McKasson, McDonald, & McLane
Ryan McKasson has gained a reputation as a performer, composer, collaborator, and teacher. In 1996 he was the youngest to win the National Scottish Fiddle Championship. In 1997 he was awarded a Merit Scholarship for Viola Performance from the University of Southern California where he studied with Donald McInnes.
Ryan has also been a member of a baroque/celtic/fusion combo, Ensemble Galilei. He helped co-write and co-produce First Person: Seeing America with them, a collaboration between Ensemble Galilei and The Metropolitan Museum of Art. This multi-disciplinary project includes photographs from The Metropolitan Museum of Art, poetry and prose about America, and the music of Ensemble Galilei. He also recorded with Ensemble Galilei on A Change of Worlds (2012), and Surrounded by Angels: A Christmas Celebration With Ensemble Galilei (2013).
Ryan has recorded with Hanneke Cassel on her albums Silver, For Reasons Unseen, and Dot The Dragon’s Eye, and also with Alasdair Fraser and Natalie Haas on their album Highlander’s Farewell.
Ryan has also taught at fiddle camps around the US and New Zealand, most notably: Boston Harbor Scottish Fiddling School, Southern Hemisphere International School of Scottish Fiddle, Valley of the Moon Scottish Fiddling School, Festival of American Fiddle Tunes, Rocky Mountain Fiddle Camp, and Swannanoa Gathering.
Eric McDonald has been a professional performer and instructor of traditional and acoustic music for a decade.
The early part of his career was spent cutting his teeth as a mandolinist in the rich local folk and roots music scene in Boston MA. Most of his time was given to Passim, a non-profit arts organization in Cambridge with an enriching and formative community surrounding it. Later Eric attended Berklee College of Music where he studied under world renowned mandolinist & guitarist John McGann, as well as gaining a practical knowledge of music in many styles. His education continued post Berklee and he soon found a gateway into the realm of traditional music through playing for contra dances, a native form of New England folk dance derived primarily from a combination of English, Scottish, Irish and Acadian traditions. Following the path set before him, Eric’s quick ear and tasteful approach drew the interest of many around him and he found himself quickly in demand as a DADGAD guitar accompanist for musicians playing traditional music, finding a particular niche in the Scottish & Cape Breton realm.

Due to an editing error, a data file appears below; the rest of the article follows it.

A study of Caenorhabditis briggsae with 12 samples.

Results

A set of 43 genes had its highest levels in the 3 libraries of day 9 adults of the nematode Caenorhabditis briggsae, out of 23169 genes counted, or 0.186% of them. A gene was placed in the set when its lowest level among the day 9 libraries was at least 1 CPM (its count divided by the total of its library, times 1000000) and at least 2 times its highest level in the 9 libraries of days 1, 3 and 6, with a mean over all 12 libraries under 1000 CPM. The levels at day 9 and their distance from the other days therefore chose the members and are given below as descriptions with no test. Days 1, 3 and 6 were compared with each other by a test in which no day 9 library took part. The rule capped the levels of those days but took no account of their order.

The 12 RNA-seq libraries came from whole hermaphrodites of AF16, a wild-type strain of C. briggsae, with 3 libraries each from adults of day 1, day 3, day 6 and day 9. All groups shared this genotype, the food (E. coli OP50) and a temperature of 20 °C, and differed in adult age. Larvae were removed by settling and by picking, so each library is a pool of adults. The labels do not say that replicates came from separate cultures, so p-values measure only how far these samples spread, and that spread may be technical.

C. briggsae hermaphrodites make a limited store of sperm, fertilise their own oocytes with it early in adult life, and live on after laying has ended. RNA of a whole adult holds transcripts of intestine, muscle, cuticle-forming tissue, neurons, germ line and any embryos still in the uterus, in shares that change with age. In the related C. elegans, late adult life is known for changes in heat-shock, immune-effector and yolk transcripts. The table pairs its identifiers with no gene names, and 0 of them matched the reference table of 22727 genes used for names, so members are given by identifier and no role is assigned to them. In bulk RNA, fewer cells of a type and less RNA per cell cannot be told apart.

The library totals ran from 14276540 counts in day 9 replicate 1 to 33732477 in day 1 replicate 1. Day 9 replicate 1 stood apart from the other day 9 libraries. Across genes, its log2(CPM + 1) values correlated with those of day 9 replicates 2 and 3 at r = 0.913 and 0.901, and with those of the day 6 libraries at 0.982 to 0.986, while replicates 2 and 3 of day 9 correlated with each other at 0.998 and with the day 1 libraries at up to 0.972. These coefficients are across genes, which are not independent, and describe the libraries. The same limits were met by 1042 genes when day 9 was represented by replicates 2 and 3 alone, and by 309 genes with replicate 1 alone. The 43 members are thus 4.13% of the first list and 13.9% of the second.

In 2014 Eric re-located to Portland, ME and began a new chapter. Now well established he maintains an active touring schedule, supplemented by recording sessions and a variety of teaching endeavors. In addition to Eric’s current projects some of his touring credits include celtic supergroup The Outside Track, hodge podge folk band The Dave Rowe Trio, up and coming Scottish fiddler Katie McNally, New England contra dance band Matching Orange, folk-pop outfit Pesky J. Nixon and renowned Cape Breton fiddlers Andrea Beaton & Wendy MacIsaac.
Jeremiah was raised in a family with deep ties to both its Scottish heritage and its New Hampshire roots. Traditional New England music and dance were a part of his parents and grandparents generations.
After an early formation in classical piano, Jeremiah spent his teenage years playing blues and jazz. Following undergraduate studies with jazz legend Gary Peacock, he studied Indonesian Gamelan, West African drumming, and the music of minimalist composers Steve Reich and Philip Glass. It wasn’t until his mid twenties that Jeremiah began to immerse himself in the world of traditional Celtic and French music, studying accordion with Jimmy Keene and Frederic Paris. He then spent several decades traveling in Europe, doing field research that laid the groundwork for a Master’s degree he received many years later from the New England Conservatory.
In the early 1990s Jeremiah formed two bands: The Clayfoot Strutters and Nightingale. Both bands had strong traditional New England roots and had a deep and lasting impact on the traditional dance scene in New England. In 2003 he formed Le Bon Vent, a sextet specializing in Breton and French music, and as an outgrowth of this ensemble, has formed several duos with individual members including James Falzone, Ruthie Dornfed and Cristi Catt. Since the early 1990s, Jeremiah has recorded over a dozen CDs with Nightingale, the Clayfoot Strutters, Bob & the Trubadors, Le Bon Vent, with Ruthie Dornfeld. His second solo recording, Smile When You’re Ready, was nominated by National Public Radio in their “favorite picks”, and his fifth release, Hummingbird, with Ruthie Dornfeld, received the French music magazine “Trad Mag” Bravo award, as did his CD Goodnight Marc Chagall with Le Bon Vent.
In 2005 Jeremiah started the Floating Bridge Music School, which is devoted to teaching traditional music from the British Isles, Northern Europe, and North America.